What is one of your favorite national parks?

It’s hard to pick a favorite because they are all so different, but I have to say that Yosemite was one of the parks that had an immediate and intense effect on me. The high country is wild and beautiful, and of course, for backpackers, the John Muir Trail is a bucket-

list adventure. But I also love the more popular Yosemite Valley. Everywhere there, I was reminded of Ansel Adams’ beloved photos, come to life full-sized and in full color. And I feel this is a park that has something for everyone: short trails, long trails, easy trails, hard trails and everything in between.

Which park is under-rated, but well worth visiting?

Virgin Islands National Park is one of the least visited in the system, but it has a great deal of variety. Once owned by the Rockefeller family, almost the entire island of St. John’s is now mostly part of the national park, and includes historic trails, rainforest trails and coral reefs.

What makes the US park system so unique?

I think that the national parks were conceived at a time when life in America was becoming more and more industrial and frenzied. Benton McKaye, who conceived of the Appalachian Trail, referred to the East Coast metropolis as smoky beehive cities that people need to escape from. I think the Covid-19 years really showed us the value of these wild, protected places, as Americans flooded into the parks to find respite from the pandemic. Hiking and being in nature were perceived as safe, and when schools and workplaces and extra-curricular activities were all shut down we finally had time to slow down and feel the healing power of nature. So I think we have rediscovered the parks, and the value of wild, protected places.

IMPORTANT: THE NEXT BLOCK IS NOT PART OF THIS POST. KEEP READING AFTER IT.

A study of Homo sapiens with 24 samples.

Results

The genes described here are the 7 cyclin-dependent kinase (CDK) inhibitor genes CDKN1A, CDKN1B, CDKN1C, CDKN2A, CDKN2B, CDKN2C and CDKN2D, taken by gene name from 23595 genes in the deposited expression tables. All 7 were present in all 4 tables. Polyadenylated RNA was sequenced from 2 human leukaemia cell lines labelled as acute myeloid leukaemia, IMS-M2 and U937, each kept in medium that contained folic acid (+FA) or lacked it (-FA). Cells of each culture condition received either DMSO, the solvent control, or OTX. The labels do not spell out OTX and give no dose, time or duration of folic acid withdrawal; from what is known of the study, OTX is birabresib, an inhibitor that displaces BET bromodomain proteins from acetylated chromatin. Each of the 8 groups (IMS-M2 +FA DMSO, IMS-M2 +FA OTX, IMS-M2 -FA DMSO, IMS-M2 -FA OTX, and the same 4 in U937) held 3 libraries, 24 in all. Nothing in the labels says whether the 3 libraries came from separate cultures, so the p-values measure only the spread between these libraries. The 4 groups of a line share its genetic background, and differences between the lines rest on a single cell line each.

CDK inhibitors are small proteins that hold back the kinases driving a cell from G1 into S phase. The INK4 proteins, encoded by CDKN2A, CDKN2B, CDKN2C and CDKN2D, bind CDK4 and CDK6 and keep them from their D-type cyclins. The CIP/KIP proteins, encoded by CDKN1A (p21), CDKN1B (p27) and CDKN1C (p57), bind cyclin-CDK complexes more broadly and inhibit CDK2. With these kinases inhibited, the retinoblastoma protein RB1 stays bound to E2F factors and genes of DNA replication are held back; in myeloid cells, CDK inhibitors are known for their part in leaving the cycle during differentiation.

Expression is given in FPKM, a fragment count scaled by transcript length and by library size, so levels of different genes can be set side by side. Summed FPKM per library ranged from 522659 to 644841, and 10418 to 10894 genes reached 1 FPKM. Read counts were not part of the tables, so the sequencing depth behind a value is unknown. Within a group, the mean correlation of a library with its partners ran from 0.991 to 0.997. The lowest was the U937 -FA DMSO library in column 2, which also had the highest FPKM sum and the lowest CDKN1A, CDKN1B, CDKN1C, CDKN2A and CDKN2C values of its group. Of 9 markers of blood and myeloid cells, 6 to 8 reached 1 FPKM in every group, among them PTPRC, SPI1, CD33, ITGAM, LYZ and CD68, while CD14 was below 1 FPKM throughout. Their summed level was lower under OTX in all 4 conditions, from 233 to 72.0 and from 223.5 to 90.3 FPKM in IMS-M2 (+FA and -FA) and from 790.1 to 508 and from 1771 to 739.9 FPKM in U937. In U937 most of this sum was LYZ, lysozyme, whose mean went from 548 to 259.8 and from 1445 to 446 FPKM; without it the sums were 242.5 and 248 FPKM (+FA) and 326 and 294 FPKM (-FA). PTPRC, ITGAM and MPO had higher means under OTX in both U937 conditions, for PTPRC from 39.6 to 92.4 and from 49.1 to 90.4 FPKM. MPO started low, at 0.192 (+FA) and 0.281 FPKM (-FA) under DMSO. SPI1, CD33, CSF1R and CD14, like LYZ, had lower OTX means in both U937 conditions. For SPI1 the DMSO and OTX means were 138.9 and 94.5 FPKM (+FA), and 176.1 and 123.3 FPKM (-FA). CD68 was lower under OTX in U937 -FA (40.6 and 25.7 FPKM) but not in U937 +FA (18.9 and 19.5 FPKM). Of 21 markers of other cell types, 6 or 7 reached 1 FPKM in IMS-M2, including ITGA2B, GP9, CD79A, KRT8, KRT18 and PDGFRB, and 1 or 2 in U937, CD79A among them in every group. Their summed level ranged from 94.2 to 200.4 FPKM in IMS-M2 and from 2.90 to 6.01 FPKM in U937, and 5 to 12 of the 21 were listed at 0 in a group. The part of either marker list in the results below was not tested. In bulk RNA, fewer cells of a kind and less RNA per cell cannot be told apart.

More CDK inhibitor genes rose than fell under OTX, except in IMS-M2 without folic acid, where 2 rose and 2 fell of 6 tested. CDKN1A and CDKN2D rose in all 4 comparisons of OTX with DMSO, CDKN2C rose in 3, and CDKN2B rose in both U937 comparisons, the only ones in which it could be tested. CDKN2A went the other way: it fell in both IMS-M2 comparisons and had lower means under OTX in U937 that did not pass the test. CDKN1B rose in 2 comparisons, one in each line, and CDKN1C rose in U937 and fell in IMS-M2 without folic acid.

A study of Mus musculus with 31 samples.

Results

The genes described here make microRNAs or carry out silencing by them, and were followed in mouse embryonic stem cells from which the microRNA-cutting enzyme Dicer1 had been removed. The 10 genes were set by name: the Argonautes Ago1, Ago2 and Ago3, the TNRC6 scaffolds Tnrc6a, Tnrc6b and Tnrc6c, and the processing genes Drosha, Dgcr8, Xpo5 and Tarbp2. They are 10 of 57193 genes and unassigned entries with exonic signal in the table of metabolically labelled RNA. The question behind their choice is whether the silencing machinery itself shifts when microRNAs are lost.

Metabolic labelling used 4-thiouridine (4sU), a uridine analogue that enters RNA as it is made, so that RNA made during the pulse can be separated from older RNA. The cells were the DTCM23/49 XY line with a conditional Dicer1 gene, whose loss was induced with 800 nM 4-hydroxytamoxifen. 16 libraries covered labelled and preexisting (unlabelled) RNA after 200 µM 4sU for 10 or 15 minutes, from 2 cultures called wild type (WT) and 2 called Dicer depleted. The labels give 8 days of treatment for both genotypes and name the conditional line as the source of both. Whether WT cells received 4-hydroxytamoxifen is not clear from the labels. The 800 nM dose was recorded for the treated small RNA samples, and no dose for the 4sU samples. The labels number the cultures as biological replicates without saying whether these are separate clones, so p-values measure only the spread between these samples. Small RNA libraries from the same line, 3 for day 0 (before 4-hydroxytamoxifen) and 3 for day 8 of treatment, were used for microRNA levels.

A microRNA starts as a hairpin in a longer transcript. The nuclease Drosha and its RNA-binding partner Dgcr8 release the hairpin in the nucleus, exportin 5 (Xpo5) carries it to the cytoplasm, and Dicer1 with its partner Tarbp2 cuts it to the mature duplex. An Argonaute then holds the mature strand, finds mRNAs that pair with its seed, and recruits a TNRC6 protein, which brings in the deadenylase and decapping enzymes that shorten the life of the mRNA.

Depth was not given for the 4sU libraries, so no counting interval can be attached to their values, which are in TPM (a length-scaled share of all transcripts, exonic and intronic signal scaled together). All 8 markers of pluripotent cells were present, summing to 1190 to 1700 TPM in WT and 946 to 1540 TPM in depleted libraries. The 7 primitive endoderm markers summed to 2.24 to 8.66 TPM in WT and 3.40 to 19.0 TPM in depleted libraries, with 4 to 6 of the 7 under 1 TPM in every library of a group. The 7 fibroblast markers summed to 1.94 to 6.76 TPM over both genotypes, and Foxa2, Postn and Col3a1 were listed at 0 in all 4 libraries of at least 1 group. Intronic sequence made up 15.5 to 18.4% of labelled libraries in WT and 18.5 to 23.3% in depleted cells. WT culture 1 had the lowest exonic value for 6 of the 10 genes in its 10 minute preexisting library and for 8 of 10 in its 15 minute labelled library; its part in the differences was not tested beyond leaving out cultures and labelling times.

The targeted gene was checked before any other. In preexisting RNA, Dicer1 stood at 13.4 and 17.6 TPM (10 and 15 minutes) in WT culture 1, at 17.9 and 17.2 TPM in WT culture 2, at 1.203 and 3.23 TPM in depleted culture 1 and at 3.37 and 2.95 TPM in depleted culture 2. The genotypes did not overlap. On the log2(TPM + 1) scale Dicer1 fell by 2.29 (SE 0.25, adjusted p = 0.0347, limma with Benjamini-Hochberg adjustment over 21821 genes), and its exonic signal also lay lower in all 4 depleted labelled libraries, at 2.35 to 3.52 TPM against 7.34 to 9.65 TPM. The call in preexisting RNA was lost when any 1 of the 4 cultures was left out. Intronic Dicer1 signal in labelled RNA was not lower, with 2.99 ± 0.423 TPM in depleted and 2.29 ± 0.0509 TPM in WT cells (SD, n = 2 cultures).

Any tips for hiking in a national park?

Always check updated regulations and permit requirements. A lot of national park visitors are used to needing permits for multi-day backcountry treks, but the increasing visitor use means that some parks are now using management strategies such as timed entry, advance reservations, and mass transit to limit traffic and usage. Rules change from year to year, and also vary from park to park regarding permits on popular day-hiking trails, pets on trails, fires, campsites and the disposal of human waste.

Any tips for people who have never visited a national park?

Check in with the rangers for advice. In some parks, rangers will direct you to trails that would best suit your group’s goals. Or they might be able to direct you to less crowded, but equally beautiful trails. They can give you valuable safety information regarding everything from animal encounters to water sources to trail conditions and difficulty.